For the record, I’m absolutely boycotting HBO if it doesn’t get Tim Tebow and the New York Jets to appear on the next installment of its “Hard Knocks” reality series. In unrelated news…
The city of Los Angeles is still buzzing over the recent announcement that an investment group featuring Magic Johnson has purchased the Dodgers.
There’s real optimism that the man with the million-dollar smile and a statue outside Staples Center can help lure top-name free agents while bringing fans back to Chavez Ravine.
(I also think charging less than $38 for a Dodger dog would be an equally welcomed gesture, but I digress.)
That said, there’s another potential hitch that local baseball enthusiasts seem to have overlooked: Magic Johnson isn’t actually suiting up; he can’t throw a curveball; and he sure as heck can’t hit a fastball.
Although, judging by his ever-expanding waistline, the Magic Man clearly doesn’t hesitate to hit a buffet line.
Fascinating details are beginning to emerge about the late terrorist leader Osama bin Laden during his decade-long flight from justice. The information is being extracted from his youngest widow, Amal Ahmed Abdul Fateh, who told Pakistani investigators that the pair were married sometime around 2000-2001.
According to Fateh, she and bin Laden moved to and from several safe houses throughout Pakistan, finally settling in Abbottabad in 2005. They lived a fairly quiet existence, she said, until several uninvited guests from the U.S. military made a mess of the place in May 2011.
Fateh, who bore three children to the onetime heavyweight champion of Islamist extremism, also gave some intriguing insight into bin Laden’s daily routine. Following is a rough account of his schedule:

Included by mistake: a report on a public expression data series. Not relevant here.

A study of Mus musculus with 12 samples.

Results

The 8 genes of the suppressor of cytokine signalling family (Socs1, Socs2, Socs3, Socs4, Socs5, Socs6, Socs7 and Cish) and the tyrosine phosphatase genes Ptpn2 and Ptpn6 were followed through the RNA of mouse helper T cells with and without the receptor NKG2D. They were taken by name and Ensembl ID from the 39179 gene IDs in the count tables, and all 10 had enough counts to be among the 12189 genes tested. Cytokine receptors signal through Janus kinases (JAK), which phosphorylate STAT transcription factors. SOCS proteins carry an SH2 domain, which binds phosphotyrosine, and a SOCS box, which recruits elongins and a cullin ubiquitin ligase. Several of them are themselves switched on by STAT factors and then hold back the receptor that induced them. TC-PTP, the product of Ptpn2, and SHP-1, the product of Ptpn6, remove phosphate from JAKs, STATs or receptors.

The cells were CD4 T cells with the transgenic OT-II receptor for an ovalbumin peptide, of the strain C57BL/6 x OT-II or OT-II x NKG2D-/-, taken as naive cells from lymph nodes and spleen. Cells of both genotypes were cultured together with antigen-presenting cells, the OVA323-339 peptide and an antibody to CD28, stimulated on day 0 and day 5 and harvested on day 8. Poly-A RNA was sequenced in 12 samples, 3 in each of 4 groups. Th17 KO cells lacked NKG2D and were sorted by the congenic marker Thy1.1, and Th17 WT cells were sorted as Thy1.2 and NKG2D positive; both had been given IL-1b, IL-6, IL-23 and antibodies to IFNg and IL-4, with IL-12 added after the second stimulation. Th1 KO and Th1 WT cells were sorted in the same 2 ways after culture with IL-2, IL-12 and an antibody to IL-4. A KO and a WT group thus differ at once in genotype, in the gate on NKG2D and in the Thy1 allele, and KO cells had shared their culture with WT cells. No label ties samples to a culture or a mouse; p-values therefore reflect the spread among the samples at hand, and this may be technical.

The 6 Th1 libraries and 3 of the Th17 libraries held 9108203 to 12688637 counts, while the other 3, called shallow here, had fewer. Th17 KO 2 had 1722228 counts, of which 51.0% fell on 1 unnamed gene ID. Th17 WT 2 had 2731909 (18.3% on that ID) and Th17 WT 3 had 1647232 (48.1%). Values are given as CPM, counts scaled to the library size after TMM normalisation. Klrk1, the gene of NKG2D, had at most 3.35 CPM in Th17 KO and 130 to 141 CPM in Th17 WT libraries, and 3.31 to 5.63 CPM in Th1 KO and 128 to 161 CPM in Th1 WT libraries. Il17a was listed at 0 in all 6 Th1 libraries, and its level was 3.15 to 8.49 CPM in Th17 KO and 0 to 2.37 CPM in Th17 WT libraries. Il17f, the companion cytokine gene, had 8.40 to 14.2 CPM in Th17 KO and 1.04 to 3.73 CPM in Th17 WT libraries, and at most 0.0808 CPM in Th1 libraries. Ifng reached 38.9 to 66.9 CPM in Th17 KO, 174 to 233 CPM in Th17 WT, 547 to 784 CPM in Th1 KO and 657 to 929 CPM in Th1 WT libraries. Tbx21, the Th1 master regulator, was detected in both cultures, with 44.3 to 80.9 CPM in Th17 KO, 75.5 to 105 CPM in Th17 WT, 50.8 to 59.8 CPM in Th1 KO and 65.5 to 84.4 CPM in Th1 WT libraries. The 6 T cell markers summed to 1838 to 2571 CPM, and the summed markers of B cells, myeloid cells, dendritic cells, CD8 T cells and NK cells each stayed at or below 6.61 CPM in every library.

7:30 a.m. – Wake up to Howard 100 on Sirius satellite radio (huge Stern fan)
8 a.m. – Breakfast with wives, kids
9:15 a.m. – Logon to Facebook, update status to ‘Still Alive’
9:30 a.m. – More Facebook: ‘friend’ new al Qaeda associates, advance 2-3 levels on Farmville
10:20 a.m. – Break for tea
11:30 a.m. – Solicit new business contacts via LinkedIn
12:30 p.m. – Lunch with co-workers
1:30-3 p.m. – Nap
3:15 p.m. – Grab Snickers and Mountain Dew at neighborhood 7-Eleven; chat up store clerks, customers
4:30 p.m. – Call in to Karachi’s No. 1 afternoon drive-time radio show as recurring character, “Awesome Ahmed”
5:10 p.m. – Post funny video of pet scorpion biting Hamid to YouTube
6:30 p.m. – Dinner with wives, kids
8:00 p.m. – Read and comment on articles from favorite Website,
Huffington Post 9:00 p.m. – Curl up on couch, channel-surf between “Desperate Housewives,” “America’s Next Top Model” and “Dog the Bounty Hunter”
10 p.m. – Bedtime: brush teeth, floss, set alarm to “snooze,” fall asleep to MSNBC
You really have to hand it to these politicians. Some of the most persistent buggers I’ve ever seen.
Case in point: Some years ago I must have purchased something / commented on something / entered an e-mail address somewhere that added me to the distribution list for a perennial presidential candidate.
Aside from a barrage of messages every four years or so, it hasn’t much affected me one way or the other.
But apparently my adopted candidate is convinced there’s a political contribution burning a hole in my pocket. Why else would he authorize sending the following e-mail, which appeared in my inbox just four days after his previous one — a five-page diatribe swearing to the legitimacy of his campaign while containing 11 separate appeals for cash:
(Candidate X) is concerned he didn’t hear from you and asked me to forward you his e-mail again.
Elizabeth N So, naturally, I wrote back:
Tell (Candidate X) that he needn’t worry about my level of commitment. I support the mission!
However, in light of (Candidate X’s) recent pasting on Super Tuesday, I feel compelled to add that perhaps if (Candidate X) spent less time hitting up minimum-wage earners like myself for $25, and more time, you know, actually winning primaries, he may find it easier to gather support.
Onward and upward,
The e-mails have slowed considerably since.